PARIS, France — Can couture be modern? The question surfaces regularly in Paris during Haute Couture Week. This season, more than ever, as designers engaged in a constant dialogue with history in order to progress: slicing, cutting, decomposing and recomposing shapes — the panier being a favourite — in a creative struggle to birth the new from a well-known repertoire. It did work, most of the time, but it also highlighted couture’s intrinsic anachronism.
Couture is a singular moment, made of peculiar rituals. For a start, there are the clothes: jewel-like creations reserved for an exclusive coterie of women. Indeed, in the audience are not the usual fashionistas, but the five-star luxury clientele, whose names are religiously kept secret by the maisons: wealthy madames and seasoned aristocrats coming from the four corners of the world, but also, increasingly, the nouveau, and decidedly younger, big spenders arriving to Paris from both established and emerging markets, well aware that the exclusivity of couture is the ultimate expression of power. There are also movie stars and celebrities, of course, but they rarely validate a show, or generate media coverage — tabloids are not exactly haute in spirit, you know.
In a world that is increasingly digital and manufactured — and thus infinitely replicable — couture is as old school as it can possibly get: hand-made, unique. Couture is like a journey into the past, a stroll in a different time period. It suggests women surrounded by maids helping them get dressed, ladies whose only preoccupation in life might be an immaculate coif and the will to shine as the irreproachable arm candy of their affluent husbands, to whom they dedicate their whole public existence. It is all about nipped waists and whalebones, arched eyebrows and splendid jewels. Ultimately, couture does without female emancipation and is the enemy of fashion’s increasing democratisation.
There is nothing democratic about couture and proudly so. It barely touches the glossies or the Internet, and, in return, is barely touched by the fever of visibility which has made fashion the religion of our time. It is a cult for the initiated and the cultivated, while mere fashion is, well, entertainment for the masses. Couture is based on values that are totally out of time. In a world that goes fast, it is slow. Extremely slow. You cannot have it right away. Buying does not happen in shops, but in ateliers or, better yet, in the mansions of clients themselves, where vendeuses reach customers to offer the best possible service. Then there are the conceptual and cultural boundaries to be considered. In a world that is increasingly open and hybridised, couture is closed and hyper-protective. (The very term haute couture is regulated by French law and membership in its governing body, the Chambre Syndicale de la Haute Couture, is restricted to a handful of fashion houses). While the rest of the world embraces a visual language that is fluid and endlessly morphing, couture celebrates traditional codes, rituals and clearly defined gender divisions. In this sense, couture will never be truly modern.
Yet, in recent seasons, we’ve seen designers embrace modernisation and the couture week that closed yesterday offers further proof of this. Couturiers want to be relevant and act as such. Raf Simons has led the modernist pack since his arrival at Dior two years ago and so have Maria Grazia Chiuri and Pierpaolo Piccioli at Valentino, whose main aim is to preserve and sustain the unique know-how of the traditional couture ateliers while creating clothes that, aesthetically, are meant for women of today. Their work is outstanding in technical finesse and grace, even when, like this season, it seems to lack coherence.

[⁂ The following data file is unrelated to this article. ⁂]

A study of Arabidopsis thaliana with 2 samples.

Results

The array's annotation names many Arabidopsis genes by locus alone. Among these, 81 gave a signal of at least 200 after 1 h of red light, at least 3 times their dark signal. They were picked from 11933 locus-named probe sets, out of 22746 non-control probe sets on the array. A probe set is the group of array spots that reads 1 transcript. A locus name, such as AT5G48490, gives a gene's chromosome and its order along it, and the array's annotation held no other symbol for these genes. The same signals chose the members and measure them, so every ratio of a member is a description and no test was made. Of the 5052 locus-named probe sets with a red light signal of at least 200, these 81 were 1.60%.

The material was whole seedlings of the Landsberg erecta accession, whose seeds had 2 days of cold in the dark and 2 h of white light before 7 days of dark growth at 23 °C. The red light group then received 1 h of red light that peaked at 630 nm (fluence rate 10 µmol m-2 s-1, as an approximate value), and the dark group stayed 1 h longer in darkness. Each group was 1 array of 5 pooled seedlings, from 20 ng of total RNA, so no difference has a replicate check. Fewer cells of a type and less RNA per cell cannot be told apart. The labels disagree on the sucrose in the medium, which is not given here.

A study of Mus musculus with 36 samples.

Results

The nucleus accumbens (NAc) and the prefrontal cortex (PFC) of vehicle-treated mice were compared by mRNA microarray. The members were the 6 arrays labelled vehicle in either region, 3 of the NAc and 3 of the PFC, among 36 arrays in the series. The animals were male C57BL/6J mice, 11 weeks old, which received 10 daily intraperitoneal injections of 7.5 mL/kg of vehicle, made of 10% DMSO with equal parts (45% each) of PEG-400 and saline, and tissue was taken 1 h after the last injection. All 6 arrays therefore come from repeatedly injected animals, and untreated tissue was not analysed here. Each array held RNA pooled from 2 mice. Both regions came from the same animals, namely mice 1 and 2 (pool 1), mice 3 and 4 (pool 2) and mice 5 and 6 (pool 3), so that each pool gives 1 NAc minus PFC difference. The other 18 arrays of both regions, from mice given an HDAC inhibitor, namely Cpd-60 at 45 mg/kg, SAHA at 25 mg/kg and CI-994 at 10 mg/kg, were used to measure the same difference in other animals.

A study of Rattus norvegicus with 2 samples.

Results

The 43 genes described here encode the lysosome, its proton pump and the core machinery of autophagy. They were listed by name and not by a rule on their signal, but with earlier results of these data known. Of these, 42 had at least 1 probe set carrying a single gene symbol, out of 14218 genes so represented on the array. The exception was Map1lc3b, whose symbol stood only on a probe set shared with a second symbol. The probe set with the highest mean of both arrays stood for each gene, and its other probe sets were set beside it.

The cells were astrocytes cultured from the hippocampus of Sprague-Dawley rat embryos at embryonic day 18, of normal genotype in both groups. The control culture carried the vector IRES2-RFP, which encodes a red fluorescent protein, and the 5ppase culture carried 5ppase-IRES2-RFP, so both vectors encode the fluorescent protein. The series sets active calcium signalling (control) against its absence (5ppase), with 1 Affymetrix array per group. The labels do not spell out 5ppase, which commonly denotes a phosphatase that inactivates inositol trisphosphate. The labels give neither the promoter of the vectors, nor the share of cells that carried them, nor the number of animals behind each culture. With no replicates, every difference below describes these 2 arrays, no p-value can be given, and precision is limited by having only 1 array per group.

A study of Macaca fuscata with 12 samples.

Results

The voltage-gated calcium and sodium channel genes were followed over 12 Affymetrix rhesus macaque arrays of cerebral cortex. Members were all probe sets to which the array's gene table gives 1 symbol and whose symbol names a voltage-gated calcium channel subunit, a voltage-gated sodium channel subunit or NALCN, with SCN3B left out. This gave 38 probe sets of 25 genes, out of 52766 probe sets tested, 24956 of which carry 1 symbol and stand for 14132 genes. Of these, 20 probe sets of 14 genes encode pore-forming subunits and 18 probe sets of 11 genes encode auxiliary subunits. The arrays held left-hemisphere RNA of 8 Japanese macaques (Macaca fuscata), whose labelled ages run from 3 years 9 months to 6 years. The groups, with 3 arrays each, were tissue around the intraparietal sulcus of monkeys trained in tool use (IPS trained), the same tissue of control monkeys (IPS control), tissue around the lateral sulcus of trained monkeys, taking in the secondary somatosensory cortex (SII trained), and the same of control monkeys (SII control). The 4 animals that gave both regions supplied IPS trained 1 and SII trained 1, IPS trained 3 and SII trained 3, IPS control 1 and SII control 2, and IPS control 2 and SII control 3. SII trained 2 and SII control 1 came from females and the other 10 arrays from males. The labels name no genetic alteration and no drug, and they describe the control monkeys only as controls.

Karl Lagerfeld, too, at Chanel, keeps making the house codes lighter and younger. This means, essentially, faster lines and a stress on couture, not as occasion dressing, but as a complete wardrobe, encompassing daywear as well as incredible eveningwear and everything in between. Which is to say: couture is a service, exclusive to those who have infinite resources and prefer not to mingle with commoners.In this sense, it can be seen as modern, acknowledging that even jet-setters, today, lead hyperactive lives with very different behavioural patterns to those that came before them. Yet, with every good, there is also some bad. Although immaculately made and utterly precious, many of the pieces I saw this week — the Dior coats, for instance, or the ribbed jumpers at Valentino — looked a tad mundane on the couture catwalks, the difference compared to ready-to-wear not easy to detect with the bare eye (though if you wear or touch them, the distinction becomes blatantly apparent). These are creations that look real, maybe too real, and lack the dream element which is still couture’s main raison d’être. Or is it not?
Today, some ready-to-wear pieces are as precious, and as costly, as couture, so perhaps there is no point in exploring pragmatism in a couture collection. What we need from couture is invention: fashion’s fuel. Without this, the risk is homogenisation and fashion is already heading fast in that direction.
It’s a complicated riddle. Modernity is generally at odds with the will to make people dream. It is grounded, fast, tangible: qualities that might led couture to evolution — just think of the work of Raf Simons and Chiuri and Piccioli — or fatal extinction. One way or another, couture should be treated as a creative laboratory for beauty, much as Giambattista Valli does, consciously oblivious of what is modern and what is not. Beautiful things do not always need to be useful. They need to nurture the eye and the soul. For the rest, there are plenty of factories out there.